In Grace and Naeem Uddin, Inc. v. Singer Architects, Inc., 278 So. 3d 89 (Fla. 4th DCA 2019), Florida’s Fourth District Court of Appeals held an architect had sufficient supervisory control over a contractor to establish a duty of care.  Broward County (the “County”) hired Grace and Naeem Uddin, Inc. (“GNU”), a general contractor, for an improvement project at the Fort Lauderdale Airport (the “Project”). The County hired Singer Architects, Inc. (“Singer”) to provide consulting and administrative services for the Project.

Pursuant to the contract with the County, Singer was required to (1) interpret and give recommendations on disputes arising between the County and GNU; (2) recommend rejections of work not in conformity with the contract; (3) review and act on the GNU’s shop drawings, product data and samples; (4) coordinate with the County to review change orders for code compliance; (5) conduct site observations, make recommendations, and assist the County in determining the Project’s completion; and (6) manage the finalization of the Project by preparing a punch list of incomplete work or work needing correction and confirm GNU’s successful demonstration of the project. The contract also stated that the parties did not intend to create any rights or obligations in any third person or entity under the contract agreement.

As the Project neared completion, the County terminated its contract with GNU based on Singer’s recommendations. GNU filed suit against the County for breach of contract and Singer for professional negligence. Singer filed a Motion for Summary Judgment, arguing it did not owe GNU a duty of care. The trial court granted the Motion, concluding Singer did not owe GNU a duty of care in its role as the County’s consultant.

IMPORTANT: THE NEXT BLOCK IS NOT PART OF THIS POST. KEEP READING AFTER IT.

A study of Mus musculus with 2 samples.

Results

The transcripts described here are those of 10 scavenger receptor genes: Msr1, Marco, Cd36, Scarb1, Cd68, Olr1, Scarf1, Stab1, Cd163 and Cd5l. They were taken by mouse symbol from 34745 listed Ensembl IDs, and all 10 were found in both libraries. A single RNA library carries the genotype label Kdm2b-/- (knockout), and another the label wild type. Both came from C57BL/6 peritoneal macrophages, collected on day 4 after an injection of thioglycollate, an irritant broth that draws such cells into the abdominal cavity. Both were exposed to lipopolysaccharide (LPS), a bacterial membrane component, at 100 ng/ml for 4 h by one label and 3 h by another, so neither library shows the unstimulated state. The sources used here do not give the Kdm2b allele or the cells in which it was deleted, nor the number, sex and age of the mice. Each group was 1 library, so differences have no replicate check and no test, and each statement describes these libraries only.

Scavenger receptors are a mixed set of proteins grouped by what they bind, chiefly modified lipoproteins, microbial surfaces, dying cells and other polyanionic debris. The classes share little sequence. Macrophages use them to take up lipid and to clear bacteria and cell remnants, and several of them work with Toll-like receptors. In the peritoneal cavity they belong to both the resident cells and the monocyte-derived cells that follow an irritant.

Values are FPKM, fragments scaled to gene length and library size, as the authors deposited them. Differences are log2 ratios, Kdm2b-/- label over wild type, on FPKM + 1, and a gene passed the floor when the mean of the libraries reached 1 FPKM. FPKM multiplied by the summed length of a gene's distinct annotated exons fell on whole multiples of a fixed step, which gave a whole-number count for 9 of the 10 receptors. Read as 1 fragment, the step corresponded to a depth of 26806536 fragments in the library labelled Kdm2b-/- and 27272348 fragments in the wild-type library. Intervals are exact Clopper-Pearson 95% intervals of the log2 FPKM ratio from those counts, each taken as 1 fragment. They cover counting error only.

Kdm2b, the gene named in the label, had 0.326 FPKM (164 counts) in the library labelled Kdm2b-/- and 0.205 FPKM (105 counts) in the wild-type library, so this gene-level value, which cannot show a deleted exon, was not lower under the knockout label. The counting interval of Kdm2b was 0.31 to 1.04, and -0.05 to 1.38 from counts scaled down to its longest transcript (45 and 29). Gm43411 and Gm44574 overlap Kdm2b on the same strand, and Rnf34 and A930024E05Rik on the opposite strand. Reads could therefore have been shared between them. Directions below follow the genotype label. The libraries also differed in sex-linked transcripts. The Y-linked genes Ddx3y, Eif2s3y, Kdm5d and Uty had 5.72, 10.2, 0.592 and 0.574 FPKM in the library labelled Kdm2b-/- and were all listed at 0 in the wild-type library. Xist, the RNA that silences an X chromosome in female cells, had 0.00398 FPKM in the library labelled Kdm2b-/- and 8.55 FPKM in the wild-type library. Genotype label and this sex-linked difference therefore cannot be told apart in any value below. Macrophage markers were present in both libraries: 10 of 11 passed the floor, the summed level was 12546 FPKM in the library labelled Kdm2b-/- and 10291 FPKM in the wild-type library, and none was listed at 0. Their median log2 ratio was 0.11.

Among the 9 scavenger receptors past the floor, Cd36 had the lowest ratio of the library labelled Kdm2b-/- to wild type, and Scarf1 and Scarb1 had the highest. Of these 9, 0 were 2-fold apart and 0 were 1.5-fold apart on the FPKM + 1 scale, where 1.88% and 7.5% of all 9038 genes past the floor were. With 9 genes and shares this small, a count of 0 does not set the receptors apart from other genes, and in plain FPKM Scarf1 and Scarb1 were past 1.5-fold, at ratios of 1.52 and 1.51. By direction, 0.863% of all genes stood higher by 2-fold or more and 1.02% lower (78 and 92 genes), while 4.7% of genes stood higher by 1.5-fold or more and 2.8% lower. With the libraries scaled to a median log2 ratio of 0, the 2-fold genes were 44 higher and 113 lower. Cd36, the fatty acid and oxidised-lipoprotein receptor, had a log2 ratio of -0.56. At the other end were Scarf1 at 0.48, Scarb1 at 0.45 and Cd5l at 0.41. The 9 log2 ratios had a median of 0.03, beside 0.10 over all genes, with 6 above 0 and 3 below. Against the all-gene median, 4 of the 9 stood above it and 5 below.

GNU argued the trial court erred because A.R. Moyer v. Graham, 285 So. 2d 397 (Fla. 1973) recognized a professional negligence claim against an architect who supervises a project resulting in economic damages to the contractor. Florida courts have required the existence of supervisory duties or responsibilities and a close nexus between the architect and contractor for Moyer to apply.  GNU argued the Moyer court noted, “The power of the architect to stop the work alone is tantamount to a power of economic life or death over the contractor.”  

On appeal, the Fourth District reversed the trial court’s summary judgment, holding Singer exercised sufficient supervision over the Project to create a duty of care because (1) although Singer did not have the authority to stop work, it had the authority to recommend a work stoppage; (2) Singer was responsible for certifying payments to the contractor; (3) the County relied on Singer to oversee GNU’s work; and (4) the County relied on Singer to make its decision to terminate GNU. The Court found a close nexus between Singer and GNU existed.

This is a terrible case for design professionals.  The Fourth DCA takes common architect duties that are standard in every AIA contract to form the basis of a duty owed not to the owner, but the general contractor.  Hopefully, this case will make it to the Florida Supreme Court and a more design professional friendly result will occur.  If you are a design professional in Florida, you should keep an eye on this case as it hopefully proceeds to the Florida Supreme Court.